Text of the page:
Bay County didn't have such as thing as a "marriage license" until 1870. Until then, anyone wanting to marry went to the JP or a priest/minister and just got married. If the County has a record on file, it would be from the JP marriages. The fact that they don't have one says your subjects must have been married in a church.
In the case of the record you found, there's a notation in the corner that it came from a family Bible, along with the email address of the person who has the Bible. I'd start with an email there: firstname.lastname@example.org
From there, since you have the date of 1868 the number of places where your ancestors would have gotten married is very small. So start by contacting the handful of churches from the era and seeing if they have a record of it. If you know what religion they are, start there. But keep in mind that not every religion was represented in the small town in that era, so they may have worshipped in another faith's church. Methodist, Presbyterian, Lutheran and Catholic were well represented. There was one Episcopalian church, but it wasn't easily accessible to everyone.
You asked if they might have married in Saginaw. It's possible, but not probable. From the records we have, it appears that was a very long journey. In the 1850s, it was a 3 day journey. In the 1860s, it was a full day's travel. It didn't become an easy journey until the 1870s.
The other thing you have to understand about "Bay City" is that it was actually several separate towns in that era. When you find records on them, see what it lists as the town where they live.If the records say "Bay City" or list a ward, then they were on the east side in the area from downtown east to Carroll park and south to what is now Kosziusko (22nd street). If it says "West Bay City" or "Wenonah", then they were on the west side of the river. "Banks" is also across the river from what was "Bay City" proper, but it was along a bend in the river, so a little more north than west, with it being the piece of land at the mouth of the river, leading into the bay.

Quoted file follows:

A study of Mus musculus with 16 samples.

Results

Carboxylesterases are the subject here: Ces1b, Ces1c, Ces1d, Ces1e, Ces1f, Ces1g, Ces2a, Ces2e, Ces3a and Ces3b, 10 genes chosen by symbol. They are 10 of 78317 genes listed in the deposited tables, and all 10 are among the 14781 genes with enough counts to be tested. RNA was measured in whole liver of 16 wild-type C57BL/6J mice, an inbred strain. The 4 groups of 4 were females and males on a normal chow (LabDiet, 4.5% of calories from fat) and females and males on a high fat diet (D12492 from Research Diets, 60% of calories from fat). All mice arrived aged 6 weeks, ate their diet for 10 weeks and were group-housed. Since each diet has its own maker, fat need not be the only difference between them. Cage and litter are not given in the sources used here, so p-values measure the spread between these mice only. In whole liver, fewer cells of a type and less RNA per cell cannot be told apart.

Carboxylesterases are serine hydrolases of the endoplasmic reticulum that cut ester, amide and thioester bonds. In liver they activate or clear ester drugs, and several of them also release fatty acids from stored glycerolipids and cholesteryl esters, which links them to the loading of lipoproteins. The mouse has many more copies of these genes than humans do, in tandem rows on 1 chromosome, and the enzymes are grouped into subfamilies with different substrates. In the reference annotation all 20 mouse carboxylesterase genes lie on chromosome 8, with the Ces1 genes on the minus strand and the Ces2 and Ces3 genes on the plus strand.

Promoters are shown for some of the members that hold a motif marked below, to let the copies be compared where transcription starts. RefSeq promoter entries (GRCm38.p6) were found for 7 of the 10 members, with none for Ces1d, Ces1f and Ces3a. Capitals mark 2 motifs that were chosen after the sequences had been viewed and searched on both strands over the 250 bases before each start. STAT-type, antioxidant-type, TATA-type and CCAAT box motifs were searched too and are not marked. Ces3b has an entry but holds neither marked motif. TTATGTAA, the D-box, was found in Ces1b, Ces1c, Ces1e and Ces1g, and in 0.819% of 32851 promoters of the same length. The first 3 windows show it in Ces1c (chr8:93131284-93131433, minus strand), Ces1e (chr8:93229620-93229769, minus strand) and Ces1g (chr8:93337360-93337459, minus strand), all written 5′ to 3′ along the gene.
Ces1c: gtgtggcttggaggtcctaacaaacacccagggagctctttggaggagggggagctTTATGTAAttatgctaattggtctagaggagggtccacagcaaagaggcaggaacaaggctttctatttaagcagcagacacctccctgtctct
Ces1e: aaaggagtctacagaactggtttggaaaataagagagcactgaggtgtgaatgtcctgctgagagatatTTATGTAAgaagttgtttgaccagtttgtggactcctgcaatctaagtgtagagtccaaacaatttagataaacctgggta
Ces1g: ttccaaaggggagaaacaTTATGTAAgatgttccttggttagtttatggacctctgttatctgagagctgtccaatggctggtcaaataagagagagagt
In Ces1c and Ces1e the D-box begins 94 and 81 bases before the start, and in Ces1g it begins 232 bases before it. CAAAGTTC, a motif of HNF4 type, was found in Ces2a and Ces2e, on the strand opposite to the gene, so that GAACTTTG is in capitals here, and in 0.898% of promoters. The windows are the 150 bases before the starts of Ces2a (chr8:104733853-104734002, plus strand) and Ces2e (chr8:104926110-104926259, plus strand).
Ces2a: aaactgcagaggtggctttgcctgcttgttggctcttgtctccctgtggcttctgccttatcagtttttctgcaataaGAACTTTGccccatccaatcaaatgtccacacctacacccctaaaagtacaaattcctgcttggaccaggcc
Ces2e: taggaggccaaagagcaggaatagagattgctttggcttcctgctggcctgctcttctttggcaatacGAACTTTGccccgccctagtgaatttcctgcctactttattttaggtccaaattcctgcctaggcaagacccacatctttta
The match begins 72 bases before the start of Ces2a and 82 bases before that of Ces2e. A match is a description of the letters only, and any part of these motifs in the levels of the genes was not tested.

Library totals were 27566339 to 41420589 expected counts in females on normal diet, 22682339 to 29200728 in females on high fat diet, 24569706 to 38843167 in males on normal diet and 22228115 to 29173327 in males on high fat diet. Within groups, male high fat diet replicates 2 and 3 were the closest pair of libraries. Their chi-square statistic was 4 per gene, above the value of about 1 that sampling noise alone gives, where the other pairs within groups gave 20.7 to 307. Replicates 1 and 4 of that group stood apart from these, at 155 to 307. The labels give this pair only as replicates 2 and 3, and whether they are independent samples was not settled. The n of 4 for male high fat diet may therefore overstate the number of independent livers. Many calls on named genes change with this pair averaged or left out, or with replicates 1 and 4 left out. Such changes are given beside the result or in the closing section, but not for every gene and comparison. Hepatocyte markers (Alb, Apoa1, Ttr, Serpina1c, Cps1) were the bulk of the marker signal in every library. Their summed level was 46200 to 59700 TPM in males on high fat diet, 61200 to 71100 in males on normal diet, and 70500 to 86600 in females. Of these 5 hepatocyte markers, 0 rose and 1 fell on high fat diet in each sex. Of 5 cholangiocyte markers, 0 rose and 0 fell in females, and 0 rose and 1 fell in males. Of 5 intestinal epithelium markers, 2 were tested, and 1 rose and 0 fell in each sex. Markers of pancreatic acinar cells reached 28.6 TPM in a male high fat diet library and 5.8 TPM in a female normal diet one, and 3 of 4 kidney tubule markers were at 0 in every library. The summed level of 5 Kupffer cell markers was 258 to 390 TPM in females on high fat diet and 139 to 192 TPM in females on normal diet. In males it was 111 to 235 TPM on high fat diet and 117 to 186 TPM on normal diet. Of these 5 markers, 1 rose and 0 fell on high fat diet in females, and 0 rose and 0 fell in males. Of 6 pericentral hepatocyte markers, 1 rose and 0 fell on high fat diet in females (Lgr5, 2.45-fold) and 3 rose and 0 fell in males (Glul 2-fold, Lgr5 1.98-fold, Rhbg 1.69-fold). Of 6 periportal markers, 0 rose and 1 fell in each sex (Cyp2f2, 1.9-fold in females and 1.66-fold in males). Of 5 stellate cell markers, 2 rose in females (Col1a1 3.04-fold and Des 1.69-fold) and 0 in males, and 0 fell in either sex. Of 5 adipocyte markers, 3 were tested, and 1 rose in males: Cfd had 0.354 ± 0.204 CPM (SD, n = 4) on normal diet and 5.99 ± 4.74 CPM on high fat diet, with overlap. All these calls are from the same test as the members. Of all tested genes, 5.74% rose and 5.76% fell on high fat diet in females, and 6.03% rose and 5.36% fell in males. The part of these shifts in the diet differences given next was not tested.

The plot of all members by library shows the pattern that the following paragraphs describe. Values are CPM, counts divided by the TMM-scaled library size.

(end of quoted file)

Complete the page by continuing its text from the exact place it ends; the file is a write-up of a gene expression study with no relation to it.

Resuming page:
The farther back you go, the different names you'll find for the same land. Originally, all of the area was called "Hampton". Now that's a township east of the city extending to the Tuscola county line along the bay. That was broken up in the late 1850s and early 1860s to form "Portsmouth" (there being both a town and a township by that name for several years. The town was later annexed and is now called "the South End".) Monitor, Bangor and Salzburg were all towns farther inland from the river and bay. Bangor the town is now part of Bay City. The township continues to be separate from the city. Monitor the town has disappeared. But the township continues westward from Bay City towards the town of Auburn. Salzburg has also been absorbed into Bay City, but part of it continues as Frankenlust township.
So as you're going through records, you need to have a timeline in your head of the changes so that you can understand where they lived and what part of the town they were living in. That also gives you a clue to their ethnicity and the culture they were in at the time. Bay City remains very segregated. But 150 years ago, it was EXTREMELY segregated and the different cultures didn't mix very well.